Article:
LAS VEGAS, March 27, 2013 – The typical Vegas casino is an endless row of slot machines, roulette wheels and blackjack tables.
Hundreds of opportunities await the lucky traveler to try his or her hand at just about every type of bet imaginable – from poker to blackjack to the sportsbook.
Whatever strikes one’s fancy, Vegas has it. Where else in the world can one find the Brooklyn Bridge, the Statue of Liberty and the Eiffel Tower within walking distance?
While Vegas is surreal, bizarre and over the top wrapped into one, a Las Vegas trip is whatever one makes of it.
Nevada Gov. Fred Balzar on March 19, 1931, paved the way for modern day Vegas when he signed into law a bill that allowed gambling. While the basics of Vegas have stayed the same over the years, the city has changed – the hotels today are flashier and the amount of money gambled has grown.
Vegas vaulted into legend starting in the 1940s and its stature increased as The Rat Pack, Elvis and Liberace became synonymous with the city.
From the legendary stage shows to showgirls, you can find it in Sin City. Lavish hardly begins to describe the shows – the music, the stunts and the scenery are about as over the top as the hotels themselves.
Experience the free attractions
While Las Vegas represents about the most extreme that America has to offer, not everything on the itinerary has to carry an expense. Consider, the Bellagio Conservatory & Botanical Gardens.
Spend five minutes here, and it’s hard to believe this exquisite garden resides in the middle of the Las Vegas strip. More than 140 horticulturists tend to the gardens, which are open 24 hours a day, seven days a week. The gardens change for seasons and holidays.
Outside the hotel, the Bellagio Fountains delight scores of tourists every 15 or 30 minutes, depending on the time of day. Set in the middle of a 9-acre manmade lake, the Fountains of Bellagio dance to an array of tunes – from Andrea Bocelli to Elvis Presley to Frank Sinatra.
Down the strip, Treasure Island’s Sirens of TI offers one of the more elaborate shows. The 18-minute-long production features song, dance and sword fights.
Today, most people think of The Strip when they think of Vegas, but, The Strip isn’t even located within the city of Las Vegas (it’s located in the unincorporated towns of Paradise and Winchester). The original Las Vegas “gambling district” – home to famed casinos such as the Golden Nugget, Binion’s and Golden Gate – lies a few miles away.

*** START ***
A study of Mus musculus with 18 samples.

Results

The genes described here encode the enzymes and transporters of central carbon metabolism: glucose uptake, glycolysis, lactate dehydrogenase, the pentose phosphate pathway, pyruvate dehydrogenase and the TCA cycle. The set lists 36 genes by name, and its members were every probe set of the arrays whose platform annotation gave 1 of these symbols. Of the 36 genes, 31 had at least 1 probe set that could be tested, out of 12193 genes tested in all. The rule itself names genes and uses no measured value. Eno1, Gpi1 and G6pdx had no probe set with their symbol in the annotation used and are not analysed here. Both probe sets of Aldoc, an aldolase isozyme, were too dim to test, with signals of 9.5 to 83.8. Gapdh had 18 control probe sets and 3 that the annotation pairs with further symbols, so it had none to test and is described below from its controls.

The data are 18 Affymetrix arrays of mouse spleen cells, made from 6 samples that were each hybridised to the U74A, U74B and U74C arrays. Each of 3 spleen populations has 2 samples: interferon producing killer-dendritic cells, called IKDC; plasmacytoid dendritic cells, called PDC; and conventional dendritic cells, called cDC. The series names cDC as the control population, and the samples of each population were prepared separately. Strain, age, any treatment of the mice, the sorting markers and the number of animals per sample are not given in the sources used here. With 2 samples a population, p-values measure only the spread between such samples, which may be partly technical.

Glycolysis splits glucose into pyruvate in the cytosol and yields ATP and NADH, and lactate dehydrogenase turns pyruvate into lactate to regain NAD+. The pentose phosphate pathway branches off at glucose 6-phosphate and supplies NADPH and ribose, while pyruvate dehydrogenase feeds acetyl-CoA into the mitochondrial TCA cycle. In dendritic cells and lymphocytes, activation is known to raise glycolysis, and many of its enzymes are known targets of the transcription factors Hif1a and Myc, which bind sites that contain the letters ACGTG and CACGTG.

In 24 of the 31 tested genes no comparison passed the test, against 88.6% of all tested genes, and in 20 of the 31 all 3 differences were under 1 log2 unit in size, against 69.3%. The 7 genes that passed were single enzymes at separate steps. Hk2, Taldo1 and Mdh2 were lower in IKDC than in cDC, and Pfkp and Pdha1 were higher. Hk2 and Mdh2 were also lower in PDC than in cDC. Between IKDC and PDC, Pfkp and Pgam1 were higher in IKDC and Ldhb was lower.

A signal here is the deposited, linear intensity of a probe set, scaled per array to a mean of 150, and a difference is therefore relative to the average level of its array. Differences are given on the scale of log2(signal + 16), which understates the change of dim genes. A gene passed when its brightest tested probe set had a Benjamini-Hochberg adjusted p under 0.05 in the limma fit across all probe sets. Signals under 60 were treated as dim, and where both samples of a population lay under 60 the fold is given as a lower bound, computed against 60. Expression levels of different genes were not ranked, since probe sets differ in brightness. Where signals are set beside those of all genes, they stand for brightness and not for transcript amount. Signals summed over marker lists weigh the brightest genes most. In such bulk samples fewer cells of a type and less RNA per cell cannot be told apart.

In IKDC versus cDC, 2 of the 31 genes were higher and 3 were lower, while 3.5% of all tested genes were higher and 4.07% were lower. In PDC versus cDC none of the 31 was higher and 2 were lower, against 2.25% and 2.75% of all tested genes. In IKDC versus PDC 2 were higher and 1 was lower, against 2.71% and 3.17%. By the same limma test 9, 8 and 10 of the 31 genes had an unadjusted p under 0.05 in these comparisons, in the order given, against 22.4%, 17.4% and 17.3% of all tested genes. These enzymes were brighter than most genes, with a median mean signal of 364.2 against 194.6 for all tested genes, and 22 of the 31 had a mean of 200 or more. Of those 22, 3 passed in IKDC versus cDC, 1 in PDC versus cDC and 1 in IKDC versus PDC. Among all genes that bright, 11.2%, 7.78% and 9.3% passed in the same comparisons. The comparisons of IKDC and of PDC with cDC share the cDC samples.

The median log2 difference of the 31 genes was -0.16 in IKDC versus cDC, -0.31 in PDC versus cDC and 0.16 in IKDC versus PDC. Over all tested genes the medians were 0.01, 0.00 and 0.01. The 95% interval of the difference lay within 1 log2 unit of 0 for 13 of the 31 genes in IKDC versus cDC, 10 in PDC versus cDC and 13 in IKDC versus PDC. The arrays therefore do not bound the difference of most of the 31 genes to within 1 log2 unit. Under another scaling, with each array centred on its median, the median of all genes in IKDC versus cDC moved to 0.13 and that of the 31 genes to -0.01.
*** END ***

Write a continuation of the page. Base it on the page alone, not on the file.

These famous casinos reside in downtown Vegas along Fremont Street, the city’s first paved street. In 2004, the street, featured in movies and music videos, closed to make way for a new attraction: the Fremont Street Experience light show.
The street is also home to one of Las Vegas’ most recognized and enduring symbols: Vegas Vic. Located above what was once the Pioneer Club (and today a souvenir shop), the 40-foot-tall neon cowboy has graced countless postcards and delighted tourists since 1951.
While downtown, take notice of the historic neon signs around town. These signs, restored and put on display by the Neon Museum, once adorned some of Vegas’ more famous institutions of yesteryear.
Visit a Museum
While glitz and glamour takes top billing, Las Vegas is home to a number of museums worth exploring, including:
– Atomic Testing Museum: In the years following World War II, Las Vegas was a popular destination for those wanting to see the large mushroom clouds at the nearby Nevada Test Site. The museum’s exhibits not only focused on testing on the site, but also life at the site and its impact on the surrounding communities.
– Pinball Hall of Fame: Since 2006, the Pinball Hall of Fame has featured a vast array of pinball machines – ranging from modern machines to rarer classics. The attraction is free to visit, but it costs to play pinball. Still, it’s cheaper than the craps table.
– Howard W. Cannon Aviation Museum: The Howard W. Cannon Aviation Museum, located inside the airport, offers a quick overview of Sin City’s aviation history. The best part is it’s free, so even those who lost everything at the Blackjack table can enjoy this attraction.
The welcome sign
No trip to Vegas would be complete without seeing the “Welcome to Fabulous Las Vegas” sign. Built in 1959, the sign is one of the most popular symbols of Las Vegas.
The sign, which was added to the National Register of Historic Places in 2009, is located in the middle of Las Vegas Boulevard, roughly a mile from Mandalay Bay on the southern end of The Strip.
See the Pawn Shop
Located on Las Vegas Boulevard roughly halfway between The Strip and downtown is Gold & Silver Pawn Shop, the store made famous on History Channel’s Pawn Stars. The shop is real and a popular destination for people looking to either pawn or items or just see where the show is filmed.
Todd DeFeo is an award-winning reporter and marketer, but his true passion is seeking out the bizarre roadside attractions, one-of-a-kind roadhouses and unique destinations that make the world worth exploring. He is also editor of The Travel Trolley travel blog.